Comment Writer Natalia Carter conducts a survey to determine whether sex education in the UK is satisfactoryWritten by Natalia Carter on 23rd March 2018
The Green Heart: First Impressions
Music Editor Thom Dent discusses how the University of Birmingham's Green Heart Project is disrupting campus life
Slowly, the Green Heart is ruining everything.
Those of us who have braved campus amidst the flurries this week will have been happy to see a surprisingly pleasant new addition to the landscape: with work on the University’s controversial ‘Green Heart’ project finally seeming to progress, a section of the new lawn has been opened to the public. And it is very nice, a lovely verdant quad containing not one, but two trees.
Unfortunately, what you will have noticed almost immediately next is that this new section of campus is entirely pointless, its paths leading nowhere despite reaching, oasis-like, towards the library. You then may look around and see that in fact, there now appears to be no route to the library at all. Where once there was a clear thoroughfare through campus, there is now just a fenced-off building site, the familiar grass already churned up by the treadmarks of heavy machinery.
In fact, there is still a route through which students can traverse from the east to the west side of campus. However, much like routes over the Berlin Wall in the eighties, this turns out to be a complicated and long-winded affair, rife with obstacles and quiet political mutterings. Where before students were vocally complaining about the increasingly long time it would take to walk from building to building in the University’s main area (5 minutes to cross from the Arts Building to the Main Library, as one slightly hysterical History student quoted), now the situation is becoming too laughable for complaints to seem effective.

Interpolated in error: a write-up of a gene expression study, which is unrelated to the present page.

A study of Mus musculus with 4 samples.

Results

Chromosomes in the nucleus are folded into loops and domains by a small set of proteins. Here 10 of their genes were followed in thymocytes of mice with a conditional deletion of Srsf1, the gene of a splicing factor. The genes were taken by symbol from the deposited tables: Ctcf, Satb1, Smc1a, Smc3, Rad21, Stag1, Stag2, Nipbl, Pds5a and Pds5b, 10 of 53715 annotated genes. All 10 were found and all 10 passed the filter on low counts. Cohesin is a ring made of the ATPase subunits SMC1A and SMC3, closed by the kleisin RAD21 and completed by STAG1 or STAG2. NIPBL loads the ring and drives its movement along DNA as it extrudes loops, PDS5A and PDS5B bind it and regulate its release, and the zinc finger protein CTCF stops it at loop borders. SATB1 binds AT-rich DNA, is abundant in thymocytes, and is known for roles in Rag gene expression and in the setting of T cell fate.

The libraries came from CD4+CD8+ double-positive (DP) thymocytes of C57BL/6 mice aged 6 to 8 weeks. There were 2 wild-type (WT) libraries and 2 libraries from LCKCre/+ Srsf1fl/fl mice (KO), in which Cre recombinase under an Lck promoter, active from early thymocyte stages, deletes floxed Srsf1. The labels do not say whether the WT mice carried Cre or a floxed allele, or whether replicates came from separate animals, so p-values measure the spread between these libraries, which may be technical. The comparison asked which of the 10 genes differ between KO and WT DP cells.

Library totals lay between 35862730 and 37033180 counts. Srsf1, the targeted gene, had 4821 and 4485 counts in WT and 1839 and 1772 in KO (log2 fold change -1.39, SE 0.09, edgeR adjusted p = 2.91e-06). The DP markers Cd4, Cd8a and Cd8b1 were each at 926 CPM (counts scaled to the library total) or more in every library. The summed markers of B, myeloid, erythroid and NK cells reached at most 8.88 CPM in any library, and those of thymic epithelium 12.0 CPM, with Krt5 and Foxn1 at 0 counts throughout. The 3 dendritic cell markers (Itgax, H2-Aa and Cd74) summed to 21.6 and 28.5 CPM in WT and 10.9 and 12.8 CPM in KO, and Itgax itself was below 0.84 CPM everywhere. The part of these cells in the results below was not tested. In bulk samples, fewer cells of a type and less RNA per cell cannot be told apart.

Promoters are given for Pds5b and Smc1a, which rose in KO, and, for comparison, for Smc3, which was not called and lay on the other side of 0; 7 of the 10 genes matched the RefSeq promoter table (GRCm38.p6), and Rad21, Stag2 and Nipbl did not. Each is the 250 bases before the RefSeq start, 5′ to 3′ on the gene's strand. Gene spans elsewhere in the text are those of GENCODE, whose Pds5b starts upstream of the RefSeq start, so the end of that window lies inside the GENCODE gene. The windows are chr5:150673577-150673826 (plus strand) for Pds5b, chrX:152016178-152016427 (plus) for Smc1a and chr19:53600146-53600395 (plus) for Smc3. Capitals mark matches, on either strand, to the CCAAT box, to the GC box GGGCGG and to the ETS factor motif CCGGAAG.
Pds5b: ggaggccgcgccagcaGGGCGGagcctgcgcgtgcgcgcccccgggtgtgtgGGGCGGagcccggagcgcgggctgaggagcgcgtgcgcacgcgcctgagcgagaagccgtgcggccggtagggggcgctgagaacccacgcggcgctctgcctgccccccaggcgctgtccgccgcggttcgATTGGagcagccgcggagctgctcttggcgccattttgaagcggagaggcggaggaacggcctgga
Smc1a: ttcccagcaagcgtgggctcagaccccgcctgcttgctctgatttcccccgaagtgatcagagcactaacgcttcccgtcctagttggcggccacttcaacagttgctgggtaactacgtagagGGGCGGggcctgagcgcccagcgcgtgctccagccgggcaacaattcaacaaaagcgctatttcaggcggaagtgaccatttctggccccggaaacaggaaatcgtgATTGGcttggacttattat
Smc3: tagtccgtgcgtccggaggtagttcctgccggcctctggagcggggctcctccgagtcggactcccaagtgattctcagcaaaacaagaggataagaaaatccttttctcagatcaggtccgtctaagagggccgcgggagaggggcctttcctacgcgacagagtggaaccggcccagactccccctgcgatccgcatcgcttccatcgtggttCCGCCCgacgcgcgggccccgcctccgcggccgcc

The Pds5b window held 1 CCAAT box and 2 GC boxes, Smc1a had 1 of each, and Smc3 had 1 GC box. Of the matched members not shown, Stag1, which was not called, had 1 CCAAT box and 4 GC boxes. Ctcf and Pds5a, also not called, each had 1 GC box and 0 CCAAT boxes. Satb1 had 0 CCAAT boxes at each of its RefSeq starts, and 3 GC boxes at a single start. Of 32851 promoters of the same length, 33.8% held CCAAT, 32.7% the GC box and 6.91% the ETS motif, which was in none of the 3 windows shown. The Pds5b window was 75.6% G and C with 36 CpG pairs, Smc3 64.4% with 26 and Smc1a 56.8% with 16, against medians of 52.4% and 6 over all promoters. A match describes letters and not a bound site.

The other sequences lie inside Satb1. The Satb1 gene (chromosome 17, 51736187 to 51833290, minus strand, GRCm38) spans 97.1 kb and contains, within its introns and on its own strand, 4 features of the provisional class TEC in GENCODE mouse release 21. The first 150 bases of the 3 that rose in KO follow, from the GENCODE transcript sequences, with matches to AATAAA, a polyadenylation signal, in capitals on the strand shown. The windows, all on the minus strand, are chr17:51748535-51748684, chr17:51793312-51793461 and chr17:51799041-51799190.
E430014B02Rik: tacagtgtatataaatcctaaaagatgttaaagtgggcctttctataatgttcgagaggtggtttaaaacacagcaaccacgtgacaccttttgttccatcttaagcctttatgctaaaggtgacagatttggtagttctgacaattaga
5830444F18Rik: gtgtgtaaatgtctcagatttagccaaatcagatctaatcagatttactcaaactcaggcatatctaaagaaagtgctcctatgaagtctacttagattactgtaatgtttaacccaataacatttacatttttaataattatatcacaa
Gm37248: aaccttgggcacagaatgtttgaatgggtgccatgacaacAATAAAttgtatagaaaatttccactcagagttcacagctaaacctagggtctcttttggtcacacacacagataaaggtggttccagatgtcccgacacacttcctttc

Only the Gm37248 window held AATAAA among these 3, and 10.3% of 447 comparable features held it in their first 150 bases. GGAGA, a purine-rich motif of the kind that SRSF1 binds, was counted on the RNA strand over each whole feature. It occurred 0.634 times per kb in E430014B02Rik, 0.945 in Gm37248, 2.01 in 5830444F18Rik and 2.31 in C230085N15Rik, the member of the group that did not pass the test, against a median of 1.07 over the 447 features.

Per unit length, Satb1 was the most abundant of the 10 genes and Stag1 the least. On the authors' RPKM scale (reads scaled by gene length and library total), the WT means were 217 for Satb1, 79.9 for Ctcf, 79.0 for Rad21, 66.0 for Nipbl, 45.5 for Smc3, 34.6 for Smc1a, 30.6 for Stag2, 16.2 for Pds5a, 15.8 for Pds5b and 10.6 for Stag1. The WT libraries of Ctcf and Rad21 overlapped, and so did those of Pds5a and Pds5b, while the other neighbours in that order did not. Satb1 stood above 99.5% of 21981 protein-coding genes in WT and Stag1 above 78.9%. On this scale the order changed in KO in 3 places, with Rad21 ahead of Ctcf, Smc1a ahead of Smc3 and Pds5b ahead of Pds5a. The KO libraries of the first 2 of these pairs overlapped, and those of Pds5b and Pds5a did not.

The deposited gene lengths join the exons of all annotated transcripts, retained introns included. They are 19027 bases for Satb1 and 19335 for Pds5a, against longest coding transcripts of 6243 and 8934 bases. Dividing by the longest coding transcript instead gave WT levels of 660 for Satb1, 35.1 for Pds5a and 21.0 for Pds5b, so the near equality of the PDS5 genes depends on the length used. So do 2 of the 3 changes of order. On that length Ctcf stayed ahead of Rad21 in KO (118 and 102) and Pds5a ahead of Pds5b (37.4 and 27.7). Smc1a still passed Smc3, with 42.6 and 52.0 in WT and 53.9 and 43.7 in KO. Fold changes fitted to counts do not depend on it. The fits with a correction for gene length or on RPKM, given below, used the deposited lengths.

“The problem, currently, is not with the project’s design, but with its execution
Personally, I am beginning to see the merits of the ‘Green Heart’ project. Of course, the money could so easily have been invested in more worthy pursuits (study spaces being the obvious example), yet looking at the section already completed I am starting to believe that the completed project will eventually bring a refreshing aesthetic to the university. However, that is not the issue at stake here. The problem, currently, is not with the project’s design, but with its execution.
For such a controversial building project, the contractors hired by the university should surely have been given the remit of constructing the ‘Green Heart’ whilst causing the absolute minimum amount of disruption to campus life. Sadly, this does not seem to have been the case (despite the Vice Chancellor’s claims that contractors have been asked to plan to avoid noise pollution etc. during their work), as instead the project appears to the casual observer to be being developed on a decidedly ad hoc basis, with a lack of regard for academic ease-of-use that can only really stem from improvisation.
“Life on campus this year has greatly suffered from the stress caused by the ‘Green Heart’. It appears that no matter where you are, the project simply cannot be avoided
Add to this the bizarre lack of construction work that took place over the summer and winter breaks, and the entire endeavour comes across as a poor idea, executed poorly. Had the VC and his employed contractor taken a step back at any point and seriously considered how to avoid the adverse effects of the project, the ‘Green Heart’ might have stood a chance. As it is, I doubt that it will ever be truly accepted by the cohort it aims to serve. Even Old Joe has stopped bonging in protest. Surely there was a better way.